Sunday, 28 October 2007

Mixed Apple Pie

I suppose I should confess right off the bat that I am not the greatest maker of pies. Firstly, not eating wheat makes crust-making tricky, and secondly I only make them once or twice a year at most. That lack of practice shows. Still, if approached in a calm, relaxed manner pie-making is quite do-able. Mine always taste just fine, but they can be funny looking.

Unbaked Apple PieI took a picture of the raw pie, because I figured that might be as good as it ever looked. I like a well-filled pie but it must be said I did come awfully close to overdoing it. The crust barely fit. I used 9 1/2 apples; it was going to be 9 but one of them proved to be a haven for worms, so I added another. Seven of them were very small (one was not an apple at all but my last little quince) but the 2 that were large were really very large. Those were Mutsu. I also used the Golden Russets and Red Gravensteins.

Baked Apple PieIt looked lovely baked, and overflowed just a tiny, tiny bit. As soon as it was lukewarm the vultures gathered, and the destruction of all my labour began.

Apple Pie is ephemeral1 recipe double crust pastry

6 to 9 apples, depending on size
1/4 cup arrowroot flour
1/2 cup Sucanat or sugar
1 tablespoon cinnamon
1 teaspoon ground ginger
1/4 to 1/2 teaspoon freshly grated nutmeg
2 tablespoons apple butter

Prepare the dough first, and set aside according to instructions.

Preheat the oven to 450°F.

Peel the apples, core them, and slice them fairly thinly. Mix them with the flour, Sucanat, and spices.

Roll out the bottom pie crust (you will need about 60% of the dough) on parchement paper, using a little extra flour as needed to prevent the dough from sticking to the rolling pin. Invert your dish over the dough, and flip it over with the paper. Peel off the paper, and patch and neaten the pie crust as required.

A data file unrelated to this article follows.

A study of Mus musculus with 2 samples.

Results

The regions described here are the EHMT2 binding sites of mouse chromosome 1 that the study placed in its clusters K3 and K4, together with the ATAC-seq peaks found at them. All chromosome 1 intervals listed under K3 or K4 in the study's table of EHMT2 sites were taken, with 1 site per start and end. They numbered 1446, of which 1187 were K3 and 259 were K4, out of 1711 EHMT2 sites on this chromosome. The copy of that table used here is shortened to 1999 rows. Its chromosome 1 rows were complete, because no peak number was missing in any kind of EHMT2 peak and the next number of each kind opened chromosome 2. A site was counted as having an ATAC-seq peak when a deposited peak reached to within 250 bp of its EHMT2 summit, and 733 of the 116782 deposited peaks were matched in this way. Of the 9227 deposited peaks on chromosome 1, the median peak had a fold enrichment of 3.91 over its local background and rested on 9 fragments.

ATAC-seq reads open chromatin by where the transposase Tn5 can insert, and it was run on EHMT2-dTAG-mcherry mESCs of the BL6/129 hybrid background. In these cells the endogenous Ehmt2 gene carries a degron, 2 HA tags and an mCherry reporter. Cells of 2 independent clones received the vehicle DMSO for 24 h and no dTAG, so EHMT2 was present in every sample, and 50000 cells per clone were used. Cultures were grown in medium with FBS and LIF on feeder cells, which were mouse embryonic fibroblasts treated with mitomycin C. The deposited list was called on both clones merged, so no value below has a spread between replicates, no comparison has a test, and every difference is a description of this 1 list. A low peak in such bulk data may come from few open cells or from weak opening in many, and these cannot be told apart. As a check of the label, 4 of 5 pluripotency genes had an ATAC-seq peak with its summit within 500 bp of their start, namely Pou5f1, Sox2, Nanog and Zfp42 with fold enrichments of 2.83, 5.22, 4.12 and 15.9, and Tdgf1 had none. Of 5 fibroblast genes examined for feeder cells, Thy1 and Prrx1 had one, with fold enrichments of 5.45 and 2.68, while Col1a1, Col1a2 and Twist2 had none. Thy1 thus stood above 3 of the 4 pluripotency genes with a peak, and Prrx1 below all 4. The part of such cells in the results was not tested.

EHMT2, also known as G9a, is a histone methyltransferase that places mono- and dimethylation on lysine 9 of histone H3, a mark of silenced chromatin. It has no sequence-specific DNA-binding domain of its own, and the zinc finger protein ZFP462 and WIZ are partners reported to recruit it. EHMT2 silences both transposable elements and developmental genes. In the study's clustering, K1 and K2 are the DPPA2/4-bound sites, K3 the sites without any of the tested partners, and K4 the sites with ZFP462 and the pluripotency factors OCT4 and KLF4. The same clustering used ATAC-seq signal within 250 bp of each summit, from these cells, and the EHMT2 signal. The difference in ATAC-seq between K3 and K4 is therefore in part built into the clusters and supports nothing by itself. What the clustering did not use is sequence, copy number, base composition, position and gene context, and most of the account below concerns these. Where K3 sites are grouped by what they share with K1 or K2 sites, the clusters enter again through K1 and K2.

Put the apple butter in the pie crust and spread it as evenly as possible over the bottom. Add the apples and press them in as tight as you can. Keep them off the edge. Roll out the remaing dough on the parchment paper, and flip it carefully over the pie. Peel off the paper, and press it firmly around the edges, trimming off any extra if necessary. Cut a steam hole in the top if you like, but at any rate pierce it in a number of places with a fork or knife to let the steam out. Chill the pie for 15 to 20 minutes before baking.

Put the pie on a cookie sheet - this will catch any leaks; and they generally do leak. Bake it at 450°F for 15 minutes. Turn the temperature down to 350°F and continue baking for another 45 minutes. Let cool. Serve warm or at room temperature. The pie can be kept out for a day or two (if it lasts that long) or you can put it in the fridge, well wrapped, but it is better not.


Valerie Harrison (bellini) said...

I love pies that are overflowing with a lovely mixture of apples. Excekllent job. I am a person who struggles with pastry, but I give it a shot every once in a while.

Unknown said...

That looks really good. And it has apple butter in it as well. I have been meaning to try making apple butter with some of the apples that I have.